Thursday, February 15, 2018

2018 Interview with Playwright Phil Olson

Playwright Phil Olson is best known for his popular, hilarious DON’T HUG ME musical plays written with brother Paul Olson, that are crowd favorites wherever they are performed.  His comedy, A NICE FAMILY GATHERING, played at Group Rep Lonny Chapman Theatre in 2016, has been nominated for an NAACP LA Local Award for Best Ensemble.   Phil shares with us some details about his life as a writer and how “Don’t Hug Me, We’re Family” came about.

written by Steve Peterson

When did you start writing plays?  Do you have any favorites?

I wrote my first play “Crappie Talk” in 1997. I was 40 years old. I got a late start. I currently have 15 published plays, 9 of them are published by Samuel French. It’s hard to say which play is my favorite. They’re like children to me. With that, I have to say, “A Nice Family Gathering” is at the top of the list because it’s such a personal story. It’s about my family, and because it has played in 140 cities around the world, I’m thrilled that so many theatres have embraced it. It’s also been optioned to be made into a movie which is very flattering.

It’s been more than 20 years since you wrote “Crappie Talk” with a storyline and characters that continued in your “Don’t Hug Me” series of musicals.  What generated the idea to go back and turn the play into a musical?

I loved the story in "Crappie Talk", and it had a nice run at the Group Rep Theatre playing for 16 weeks. It was my first play, and even though it did very well commercially and won a lot of awards, there were problems with it that I wanted to fix. I cut down the number of characters, cut down the number of scenes, added 14 original songs (with my brother) and orchestrated 12 radio jingles. Since the setting is the same as that in the "Don’t Hug Me" musicals, the other changes came fairly easily.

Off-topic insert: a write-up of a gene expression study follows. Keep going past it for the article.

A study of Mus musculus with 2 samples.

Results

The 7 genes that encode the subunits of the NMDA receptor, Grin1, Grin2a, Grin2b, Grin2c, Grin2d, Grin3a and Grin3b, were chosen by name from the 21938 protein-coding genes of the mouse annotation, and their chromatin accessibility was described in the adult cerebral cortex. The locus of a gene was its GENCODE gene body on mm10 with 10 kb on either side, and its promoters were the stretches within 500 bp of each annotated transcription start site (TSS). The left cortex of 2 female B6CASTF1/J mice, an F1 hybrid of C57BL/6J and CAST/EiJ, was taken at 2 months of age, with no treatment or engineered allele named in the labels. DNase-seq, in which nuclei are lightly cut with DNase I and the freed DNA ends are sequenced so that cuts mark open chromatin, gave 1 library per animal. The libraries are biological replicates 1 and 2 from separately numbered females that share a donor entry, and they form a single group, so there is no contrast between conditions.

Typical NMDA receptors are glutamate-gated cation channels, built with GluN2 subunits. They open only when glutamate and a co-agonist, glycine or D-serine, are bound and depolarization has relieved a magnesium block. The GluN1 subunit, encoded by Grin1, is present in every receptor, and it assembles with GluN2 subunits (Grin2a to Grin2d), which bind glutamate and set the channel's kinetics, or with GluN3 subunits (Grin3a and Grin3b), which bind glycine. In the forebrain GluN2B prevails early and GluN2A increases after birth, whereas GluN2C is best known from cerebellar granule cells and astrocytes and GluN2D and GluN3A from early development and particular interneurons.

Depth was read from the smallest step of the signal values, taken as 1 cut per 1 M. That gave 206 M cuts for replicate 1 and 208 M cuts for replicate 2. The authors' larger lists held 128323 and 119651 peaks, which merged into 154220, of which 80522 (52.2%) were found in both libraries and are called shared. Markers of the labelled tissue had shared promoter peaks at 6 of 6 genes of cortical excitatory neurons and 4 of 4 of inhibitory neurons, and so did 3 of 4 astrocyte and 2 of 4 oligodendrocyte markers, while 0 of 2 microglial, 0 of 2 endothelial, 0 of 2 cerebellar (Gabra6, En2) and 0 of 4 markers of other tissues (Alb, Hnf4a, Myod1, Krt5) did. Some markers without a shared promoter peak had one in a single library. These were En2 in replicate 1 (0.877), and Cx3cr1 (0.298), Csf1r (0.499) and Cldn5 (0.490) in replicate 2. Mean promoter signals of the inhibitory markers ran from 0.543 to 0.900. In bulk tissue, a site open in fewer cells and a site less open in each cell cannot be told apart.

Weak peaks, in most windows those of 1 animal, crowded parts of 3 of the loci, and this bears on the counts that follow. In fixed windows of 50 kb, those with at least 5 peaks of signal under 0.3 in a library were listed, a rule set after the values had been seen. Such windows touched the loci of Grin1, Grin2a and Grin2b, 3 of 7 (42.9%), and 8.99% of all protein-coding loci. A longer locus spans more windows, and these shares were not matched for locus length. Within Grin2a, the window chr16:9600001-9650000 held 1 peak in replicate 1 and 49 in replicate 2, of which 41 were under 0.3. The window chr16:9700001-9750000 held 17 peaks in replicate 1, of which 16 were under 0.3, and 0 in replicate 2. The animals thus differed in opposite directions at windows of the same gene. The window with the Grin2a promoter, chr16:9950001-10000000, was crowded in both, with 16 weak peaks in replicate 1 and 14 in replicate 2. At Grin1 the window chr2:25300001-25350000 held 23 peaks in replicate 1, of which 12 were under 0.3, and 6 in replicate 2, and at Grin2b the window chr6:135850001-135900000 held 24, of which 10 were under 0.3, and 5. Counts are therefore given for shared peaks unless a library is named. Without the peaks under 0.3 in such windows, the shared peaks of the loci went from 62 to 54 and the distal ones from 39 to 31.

What is the premise of "Don’t Hug Me, We’re Family"?

Set in a little north woods Minnesota town, the host of a radio show devoted entirely to ice fishing loses his only advertiser while his wife, a popular host of a book show, has a lot of advertisers, putting the competitive couple at odds. Their marital problems are compounded when two, fish-out-of-water, Brooklyn Italians come to the rural Minnesota town, buy the radio station, and turn everything upside down.  It's "Fargo" meets "My Cousin Vinny" without the blood or the trial lawyers.

What do you want the audience to take away with them?

First, I want them to have a great time. It’s a fun, uplifting musical that will hopefully bring a little cheer to the audience. There’s also an emotional element to the story that’s personal to me that I hope has an impact on the audience. And, of course, I’d like them to hum the songs as they drive home, and then tell all their friends to go see it.

Is there anything you wished had been asked about you or about the play?

The story was inspired by journalist Charles Kuralt who, during his travels around the country, bought a little radio station in Ely, Minnesota, up near the Canadian border. I thought it would be funny if two New York outsiders came to the little north woods Minnesota bar, bought the radio station and collided with the locals. And yet, even though their cultures are very different, they have a lot in common.

Don’t Hug Me, We’re Family runs February 16 – March 25.  Fridays at 8:00 p.m., Saturdays at 8 p.m.,   & Sundays at 2:00 p.m.; $15 - $24.  Buy tickets: or 818-850-9254.  Don’t Hug Me, We’re Family is a guest production at Theatre Unlimited (T.U. Studios), 10943 Camarillo St. (just east of Vineland) North Hollywood.